The patient has been identified only as a man in his 50s, a man who met all the FDA's qualifications for the procedure: He was at least 18 years old and of large enough build for his chest to accommodate the grapefruit-size titanium-and-plastic device. Both his original heart's pumping chambers had failed, as had all standard heart therapies. He had been rejected for a heart transplant because he also had diabetes, kidney failure and he was drowning internally from pulmonary edema, a buildup of fluid in the lungs that occurs in heart failure. He had an 80 percent chance of dying within 30 days.
"He had no other option," one of the surgeons, Dr. Laman A. Gray, said. "He was in as dire shape as you can ever have anybody in."
So he had what it took to make medical history. And by the end of the seven-hour implantation surgery, performed at Jewish Hospital in Louisville by Dr. Gray and Dr. Robert D. Dowling of the University of Louisville, he was very newsworthy indeed.
The Associated Press learned about the operation Monday from an unnamed source; Tuesday, Dr. Gray and Dr. Dowling were in front of the microphones telling reporters that their patient was resting comfortably, awake and responsive. Then they started talking about the day not far away when a man with a machine in his chest could go back home, go back to work, take out the trash if it wasn't too heavy.
Thursday, Dr. Gray was on "Good Morning America," telling Diane Sawyer and Charles Gibson that he and his patient had a pact: "He's going to take me fishing and teach me how to bass fish."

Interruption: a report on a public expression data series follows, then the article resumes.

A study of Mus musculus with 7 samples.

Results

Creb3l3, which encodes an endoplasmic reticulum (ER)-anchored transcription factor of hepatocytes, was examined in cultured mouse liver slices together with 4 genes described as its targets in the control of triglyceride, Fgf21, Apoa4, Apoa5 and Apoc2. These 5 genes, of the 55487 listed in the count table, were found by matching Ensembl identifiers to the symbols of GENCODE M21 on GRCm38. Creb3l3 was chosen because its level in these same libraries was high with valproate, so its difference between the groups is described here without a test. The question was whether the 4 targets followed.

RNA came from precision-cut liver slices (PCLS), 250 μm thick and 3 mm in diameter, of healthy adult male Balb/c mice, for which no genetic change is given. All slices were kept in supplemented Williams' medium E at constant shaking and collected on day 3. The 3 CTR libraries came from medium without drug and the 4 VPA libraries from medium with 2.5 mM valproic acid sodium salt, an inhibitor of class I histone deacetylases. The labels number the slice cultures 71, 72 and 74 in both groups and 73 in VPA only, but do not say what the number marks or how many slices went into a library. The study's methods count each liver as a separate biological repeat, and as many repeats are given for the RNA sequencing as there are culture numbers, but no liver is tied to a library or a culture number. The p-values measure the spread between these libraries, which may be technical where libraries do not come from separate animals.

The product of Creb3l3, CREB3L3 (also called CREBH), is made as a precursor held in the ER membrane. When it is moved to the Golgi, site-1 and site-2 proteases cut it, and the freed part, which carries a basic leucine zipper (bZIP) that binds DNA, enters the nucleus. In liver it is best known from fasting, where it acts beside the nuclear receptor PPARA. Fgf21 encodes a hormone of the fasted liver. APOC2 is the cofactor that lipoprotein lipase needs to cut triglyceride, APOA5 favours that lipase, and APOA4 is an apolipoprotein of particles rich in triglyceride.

The patient's new heart is the AbioCor, made by Abiomed of Danvers, Mass. It is the second type of totally artificial heart to be tested in people the Jarvik-7, you may recall, was implanted in patient Dr. Barney Clark at the University of Utah in December 1982 but it is a great leap forward. The Jarvik-7 was air-driven, which meant that tubes had to connect huge compressors to the device. Mobility was impossible; infection and complications were inevitable.
The AbioCor runs on a tiny internal pump that spins about 10,000 times a minute, moving hydraulic fluid through a valve that alternately allows blood to be pumped to the lungs or the body. There is a small battery inside the device powering its control unit; that battery is in turn powered by an external battery pack (worn on the belt or suspenders) that transfers energy across the skin, without any connections. Without wires. Without tubes.
The patient will be the first artificial-heart recipient in history to take a shower.
For now, he is an experiment. Dr. David M. Lederman, Abiomed's president and chief executive, said the initial goal in testing the device would be to "double the life of the patient and to give the patient a reasonable quality of life, which is 60 days." Dr. Lederman said he hoped patients would live longer.
Complications are inevitable with a heart this new and a man this sick, but as the week went on the AbioCor, whirring away at a steady 120 beats a minute (later, it will be adjusted to respond to the patient's level of activity) was outperforming expectations. By Tuesday morning even after a second, two-hour operation to repair a loose stitch it had already cleared the patient's lungs of fluid.
Wednesday, Gray and Dowling were expressing optimism that their patient would be able to return to daily activities. Thursday, he went back on a ventilator, but only to rest and speed his recovery, the doctors said.
Asked Wednesday when he considered the implant a success, Dr. Gray said that as a clinician it was "when we have made him better."
"Success is when we have helped somebody," he added. "We may not achieve everything the first few times, but we are trying to."
If the patient is still alive in a week, news coverage will drop off to nothing clearly a good sign. If the patient is still alive in a month, Dr. Gray may consider himself to have helped. If the patient is still alive in two months, walking around and changing his battery every two hours, he will have met Dr. Lederman's standard and by then will probably have taught his doctors how to bass fish by then.
And then maybe they'll tell us the patient's name.